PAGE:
The HHS mandate and a very different president.

Paul Kengor, professor of political science at Grove City College



KATHRYN JEAN LOPEZ: Did Ronald Reagan ever face a backlash from some of his base like we’re seeing on this HHS mandate issue?

PAUL KENGOR: Two points on that:


That said, when you break down the data on how Catholics voted in November 2008, you see that faithful, weekly-Mass-going Catholics voted decisively against Obama. And if you surveyed daily communicants — that is, daily Mass-goers — you’d find an even higher percentage who voted against Obama. Even deeper, if you survey daily Mass-goers under the age of 50, you’d think you were at CPAC. These are the “John Paul II Catholics,” the “Evangelium Vitae Catholics.”

I should add that my categories also apply to priests. The good news is that the future Catholic Church is much more loyal to the Church’s teachings on matters such as abortion and contraception — certainly more loyal than the old guard.

Second, Reagan never faced a huge backlash from his base, though he did occasionally get conservative criticism. To cite one important example, certain leading conservatives were worried that Reagan was being duped by Mikhail Gorbachev and was giving away the store to the Soviet leader. They were the subject of a very interesting New York Times magazine piece in January 1988, entitled, “The Right against Reagan.”


LOPEZ: Is there anything from Reagan’s record that might be instructive to the sitting president?

KENGOR: Well, yes, but I doubt Obama will listen.

Reagan did indeed have a major area of disagreement with the Catholic bishops. It was over Reagan’s pursuit of the MX missile and the whole nuclear-freeze debate. The leader among the bishops was Joseph Cardinal Bernardin. Reagan’s point-man in communicating with the bishops was Bill Clark, the head of his National Security Council, a very faithful Catholic, and a good man. Clark carefully worked with the bishops. Clark even brought in an old Catholic friend, the great Clare Boothe Luce, who also worked with the bishops. They all worked extremely well together, coming to an agreement in April 1983. Cardinal Bernardin ultimately told the New York Times that he believed the bishops had in fact “misunderstood” the Reagan administration. He credited Clark with clarifying the administration’s position. Clark had made clear to him that Reagan nuclear policy was guided by “compelling moral considerations.”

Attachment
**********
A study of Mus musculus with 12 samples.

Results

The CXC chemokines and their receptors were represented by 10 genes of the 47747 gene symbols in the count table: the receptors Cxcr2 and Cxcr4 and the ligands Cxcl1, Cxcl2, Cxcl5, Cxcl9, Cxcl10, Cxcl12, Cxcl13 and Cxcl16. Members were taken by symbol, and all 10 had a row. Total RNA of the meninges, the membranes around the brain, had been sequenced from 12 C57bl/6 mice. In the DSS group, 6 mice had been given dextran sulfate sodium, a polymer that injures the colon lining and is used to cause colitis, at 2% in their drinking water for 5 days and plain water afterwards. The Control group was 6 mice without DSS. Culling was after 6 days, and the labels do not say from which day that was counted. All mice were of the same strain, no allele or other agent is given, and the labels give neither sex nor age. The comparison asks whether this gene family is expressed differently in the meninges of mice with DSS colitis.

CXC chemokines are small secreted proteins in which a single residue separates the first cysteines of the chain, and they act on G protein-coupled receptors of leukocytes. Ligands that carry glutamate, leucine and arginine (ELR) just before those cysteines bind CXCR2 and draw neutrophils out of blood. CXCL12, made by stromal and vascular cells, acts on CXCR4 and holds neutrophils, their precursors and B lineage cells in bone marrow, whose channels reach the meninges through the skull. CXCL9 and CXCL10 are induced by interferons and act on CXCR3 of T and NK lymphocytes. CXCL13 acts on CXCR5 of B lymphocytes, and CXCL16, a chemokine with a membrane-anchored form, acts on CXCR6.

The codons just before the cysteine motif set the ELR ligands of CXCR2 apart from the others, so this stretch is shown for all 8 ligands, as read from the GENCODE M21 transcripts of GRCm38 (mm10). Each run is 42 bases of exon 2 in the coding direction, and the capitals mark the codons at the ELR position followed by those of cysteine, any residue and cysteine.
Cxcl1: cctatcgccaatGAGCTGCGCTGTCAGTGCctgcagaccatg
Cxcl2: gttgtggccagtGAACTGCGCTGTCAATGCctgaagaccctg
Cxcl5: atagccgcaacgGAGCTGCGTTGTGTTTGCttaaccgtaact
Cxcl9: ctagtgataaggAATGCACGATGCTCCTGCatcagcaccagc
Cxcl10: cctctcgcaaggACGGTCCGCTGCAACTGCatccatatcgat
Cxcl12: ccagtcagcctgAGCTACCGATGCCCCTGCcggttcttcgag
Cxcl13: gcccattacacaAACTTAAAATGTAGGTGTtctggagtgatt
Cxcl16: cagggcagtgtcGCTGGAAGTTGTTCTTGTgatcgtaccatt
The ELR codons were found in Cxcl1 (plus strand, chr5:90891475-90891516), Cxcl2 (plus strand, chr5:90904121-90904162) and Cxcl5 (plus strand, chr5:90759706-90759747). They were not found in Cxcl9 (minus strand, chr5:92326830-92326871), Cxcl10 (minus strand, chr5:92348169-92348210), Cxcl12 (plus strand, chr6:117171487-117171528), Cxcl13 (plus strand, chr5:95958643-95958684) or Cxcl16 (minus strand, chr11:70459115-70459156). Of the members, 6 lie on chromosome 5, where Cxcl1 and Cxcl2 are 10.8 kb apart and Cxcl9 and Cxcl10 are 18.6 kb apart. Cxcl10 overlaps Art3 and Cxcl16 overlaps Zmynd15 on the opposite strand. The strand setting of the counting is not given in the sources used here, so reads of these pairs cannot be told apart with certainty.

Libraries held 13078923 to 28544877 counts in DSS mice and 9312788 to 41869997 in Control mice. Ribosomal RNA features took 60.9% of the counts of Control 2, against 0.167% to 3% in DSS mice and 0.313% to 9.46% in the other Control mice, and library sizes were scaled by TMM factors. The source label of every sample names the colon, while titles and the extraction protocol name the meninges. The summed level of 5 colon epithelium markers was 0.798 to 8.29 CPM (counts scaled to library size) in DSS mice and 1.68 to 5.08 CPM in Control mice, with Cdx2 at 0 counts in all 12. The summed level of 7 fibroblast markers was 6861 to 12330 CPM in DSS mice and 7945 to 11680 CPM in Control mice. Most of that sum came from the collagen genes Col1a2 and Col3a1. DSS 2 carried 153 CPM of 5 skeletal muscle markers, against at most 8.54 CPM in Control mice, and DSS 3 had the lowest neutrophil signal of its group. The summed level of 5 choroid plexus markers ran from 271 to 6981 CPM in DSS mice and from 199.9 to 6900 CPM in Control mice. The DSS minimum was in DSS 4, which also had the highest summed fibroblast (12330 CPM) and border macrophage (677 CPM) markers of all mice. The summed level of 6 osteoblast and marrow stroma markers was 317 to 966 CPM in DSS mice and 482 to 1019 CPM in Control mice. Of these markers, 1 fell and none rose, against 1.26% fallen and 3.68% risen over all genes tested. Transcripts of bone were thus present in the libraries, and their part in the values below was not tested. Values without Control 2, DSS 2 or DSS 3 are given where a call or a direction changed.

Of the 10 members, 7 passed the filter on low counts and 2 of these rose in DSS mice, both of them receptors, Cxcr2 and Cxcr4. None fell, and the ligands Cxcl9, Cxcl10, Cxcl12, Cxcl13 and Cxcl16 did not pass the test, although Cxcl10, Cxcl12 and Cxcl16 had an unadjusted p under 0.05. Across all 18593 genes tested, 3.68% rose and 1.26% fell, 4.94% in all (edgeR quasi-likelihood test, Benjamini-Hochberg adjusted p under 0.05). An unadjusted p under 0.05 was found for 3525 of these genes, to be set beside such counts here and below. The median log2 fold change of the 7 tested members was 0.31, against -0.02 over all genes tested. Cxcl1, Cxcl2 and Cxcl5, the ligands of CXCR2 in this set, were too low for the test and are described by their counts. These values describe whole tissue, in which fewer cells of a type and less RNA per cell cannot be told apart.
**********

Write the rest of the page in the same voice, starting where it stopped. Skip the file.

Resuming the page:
In short, Reagan worked with the bishops. He liked them. He liked the Catholic Church. I would even say that Reagan loved the Catholic Church. His father had been Catholic, and Reagan was very sympathetic to Catholicism. I record an example in one of my books where Reagan in the spring of 1989 told a group of visiting Poles that he considered John Paul II his “best friend.” And if John Paul II wasn’t literally his best friend, Bill Clark was one of them. Reagan’s brother and sister-in-law were daily communicants.

In other words, Reagan wanted to be on the same team as the bishops. He respected their moral authority and thinking. They were kindred souls.

Obama, on the other hand, could care less. Ditto for his chief advisers — folks like David Axelrod. For Obama, the promotion and preservation of “abortion rights” is where his heart is. He’s a true believer. He thinks that Catholics and their Church are flatly wrong on the abortion issue. He thinks they’re Neanderthals. He has no desire for common ground on this issue. If he decides to seek common ground, it will be strictly for political calculation.